Steve Brine challenges the Government over NHS Pensions

Steve Brine spoke in a Westminster Hall debate on NHS Pensions on Wednesday 26th June.

The Winchester & Chandler’s Ford MP raised the concerns of senior doctors and consultants, who live and work in his constituency and focused on the impact the issue is having on patient care.

The debate was opened by MP for Poole, Sir Robert Syms, who has been working with Steve on the issue of tax treatment of NHS pensions.

Sir Robert, at the start of the session, said:  “The subject has devastating implications for the NHS, dental services and many other services in this country unless it is addressed by the Government. When the coalition Government came into office in 2010-11, they were quite right to reduce the amount of money that could be put into pension funds. At that time, someone could put £255,000 into a pension fund tax free; clearly, if they had such resources, it was unfair on the lower paid. The Government moved to reduce the tax leakage by reducing a number of the allowances.

“The problem today is that the Government have drawn the allowances too tight, and in 2015-16 they also introduced a taper to the annual allowance. All that is having a pernicious effect on the NHS and creating what the British Medical Association has called a “perfect storm”.

The debate heard from a range of speakers, including Alex Chalk, Paul Masterton, Ruth Jones and Paul Sweeney, and discussed what actions HM Treasury could take to lessen the impact on the tax bills of senior NHS staff and their pensions.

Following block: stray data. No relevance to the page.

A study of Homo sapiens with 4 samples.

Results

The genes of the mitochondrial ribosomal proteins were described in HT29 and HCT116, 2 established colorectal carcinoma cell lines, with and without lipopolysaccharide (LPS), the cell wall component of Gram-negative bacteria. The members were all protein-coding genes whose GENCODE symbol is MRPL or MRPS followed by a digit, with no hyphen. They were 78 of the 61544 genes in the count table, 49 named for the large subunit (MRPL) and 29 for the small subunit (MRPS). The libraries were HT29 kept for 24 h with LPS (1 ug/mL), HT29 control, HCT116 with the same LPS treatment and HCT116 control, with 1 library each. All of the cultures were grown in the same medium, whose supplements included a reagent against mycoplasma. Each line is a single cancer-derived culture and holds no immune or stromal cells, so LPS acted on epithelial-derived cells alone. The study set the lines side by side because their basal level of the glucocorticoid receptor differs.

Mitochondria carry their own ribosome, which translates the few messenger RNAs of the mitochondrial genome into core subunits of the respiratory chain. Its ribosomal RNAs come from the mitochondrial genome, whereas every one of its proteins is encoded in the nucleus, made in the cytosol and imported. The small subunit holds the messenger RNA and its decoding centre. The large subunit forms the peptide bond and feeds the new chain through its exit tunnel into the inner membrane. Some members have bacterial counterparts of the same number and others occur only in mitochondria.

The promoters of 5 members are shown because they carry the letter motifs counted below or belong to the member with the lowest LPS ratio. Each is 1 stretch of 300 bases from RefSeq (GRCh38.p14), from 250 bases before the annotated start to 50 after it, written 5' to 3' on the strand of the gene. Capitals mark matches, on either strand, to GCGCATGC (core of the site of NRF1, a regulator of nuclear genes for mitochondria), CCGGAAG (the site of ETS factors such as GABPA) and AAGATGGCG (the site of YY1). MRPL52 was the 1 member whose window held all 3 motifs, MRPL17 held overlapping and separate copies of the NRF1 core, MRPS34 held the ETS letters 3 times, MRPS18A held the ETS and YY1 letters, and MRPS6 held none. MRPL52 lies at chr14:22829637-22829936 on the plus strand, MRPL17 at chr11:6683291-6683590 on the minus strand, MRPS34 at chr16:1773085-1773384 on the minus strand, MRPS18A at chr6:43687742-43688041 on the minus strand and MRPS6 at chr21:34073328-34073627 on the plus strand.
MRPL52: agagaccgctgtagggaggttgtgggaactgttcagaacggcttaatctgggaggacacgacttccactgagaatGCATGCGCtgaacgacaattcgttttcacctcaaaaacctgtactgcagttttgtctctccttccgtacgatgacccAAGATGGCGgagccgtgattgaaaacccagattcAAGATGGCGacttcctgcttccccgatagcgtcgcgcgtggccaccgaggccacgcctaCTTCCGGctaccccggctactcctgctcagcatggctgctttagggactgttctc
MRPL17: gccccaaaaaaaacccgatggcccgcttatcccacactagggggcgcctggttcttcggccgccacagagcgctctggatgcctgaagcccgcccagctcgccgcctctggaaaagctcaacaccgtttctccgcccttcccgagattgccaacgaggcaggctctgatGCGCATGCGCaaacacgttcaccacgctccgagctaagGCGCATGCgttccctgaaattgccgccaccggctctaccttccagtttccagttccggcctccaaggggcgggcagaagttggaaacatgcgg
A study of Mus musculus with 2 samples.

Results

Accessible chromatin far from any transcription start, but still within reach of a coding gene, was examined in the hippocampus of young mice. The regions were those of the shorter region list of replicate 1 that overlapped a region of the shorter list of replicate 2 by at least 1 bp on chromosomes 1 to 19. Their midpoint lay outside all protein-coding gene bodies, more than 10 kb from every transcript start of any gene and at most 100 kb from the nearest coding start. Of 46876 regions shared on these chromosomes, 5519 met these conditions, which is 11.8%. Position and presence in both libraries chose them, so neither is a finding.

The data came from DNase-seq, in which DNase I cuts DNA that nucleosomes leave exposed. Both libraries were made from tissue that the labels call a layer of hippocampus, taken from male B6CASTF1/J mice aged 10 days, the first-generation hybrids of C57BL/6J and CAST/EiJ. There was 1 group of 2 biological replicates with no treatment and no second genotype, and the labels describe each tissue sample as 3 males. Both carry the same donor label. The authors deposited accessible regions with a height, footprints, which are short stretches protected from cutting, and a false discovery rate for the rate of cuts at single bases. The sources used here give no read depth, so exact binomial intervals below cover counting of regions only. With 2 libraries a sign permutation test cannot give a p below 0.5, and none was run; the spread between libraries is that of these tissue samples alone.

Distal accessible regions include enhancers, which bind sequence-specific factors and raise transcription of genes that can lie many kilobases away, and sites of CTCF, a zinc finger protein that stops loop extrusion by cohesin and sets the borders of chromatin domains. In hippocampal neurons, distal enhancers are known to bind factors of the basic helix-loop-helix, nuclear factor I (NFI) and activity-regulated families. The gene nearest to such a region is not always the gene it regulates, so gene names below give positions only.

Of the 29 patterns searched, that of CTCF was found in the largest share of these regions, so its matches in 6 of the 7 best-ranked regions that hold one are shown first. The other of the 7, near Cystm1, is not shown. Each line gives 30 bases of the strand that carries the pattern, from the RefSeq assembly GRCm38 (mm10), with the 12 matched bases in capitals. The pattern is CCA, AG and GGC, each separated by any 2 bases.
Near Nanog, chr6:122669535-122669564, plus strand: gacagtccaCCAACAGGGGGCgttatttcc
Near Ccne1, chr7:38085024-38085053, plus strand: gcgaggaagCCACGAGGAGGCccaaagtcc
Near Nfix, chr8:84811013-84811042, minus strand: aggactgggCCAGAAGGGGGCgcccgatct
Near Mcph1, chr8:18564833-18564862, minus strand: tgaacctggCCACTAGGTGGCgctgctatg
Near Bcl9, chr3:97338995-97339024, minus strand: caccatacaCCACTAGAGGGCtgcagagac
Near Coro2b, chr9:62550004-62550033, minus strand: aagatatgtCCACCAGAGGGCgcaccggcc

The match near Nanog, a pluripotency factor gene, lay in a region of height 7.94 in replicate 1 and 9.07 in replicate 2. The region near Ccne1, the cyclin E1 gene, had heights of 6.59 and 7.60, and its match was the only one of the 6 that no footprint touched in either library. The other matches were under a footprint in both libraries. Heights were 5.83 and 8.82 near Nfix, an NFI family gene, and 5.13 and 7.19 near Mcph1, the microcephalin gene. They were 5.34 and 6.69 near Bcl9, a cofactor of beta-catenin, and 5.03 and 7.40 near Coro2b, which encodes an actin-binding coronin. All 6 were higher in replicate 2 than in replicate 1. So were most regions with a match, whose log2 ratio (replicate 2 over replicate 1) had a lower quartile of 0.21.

Steve Brine told the House that senior staff were effectively having to pay more in tax than they were earning, if they did extra work.

He said: “One consultant set the scene very clearly. He told me that the issue here is the Annual Allowance pension tax taper, and I’ll come back to that, and the inflexibility of the NHS pension, which is landing consultants with huge tax bills for doing extra work on top of their contracted hours.

“not least as a former Health Minister myself, I agree that this extra work keeps the NHS running in the face of ever increasing demand.  I was told that in certain circumstances, the marginal tax rate on earnings for this extra work is greater than 100%, which means that senior doctors working in my hospital are effectively having to pay to do extra work.

He added; "I have no doubt that the changes were introduced in good faith. They are aimed at the top-rate earners, which the Gentleman from Poole said, but this has in practice had a damaging effect on our key people in the NHS, and if it is not sorted quickly we will see this escalate further, and it will be harder and harder to retrieve the position.

Echoing an earlier call, during an Urgent Question in the Commons on the future NHS People Plan, Mr Brine called on Ministers to work together to grip the issue fast.

Pictured/watch; a short-film from the debate and Steve on his feet.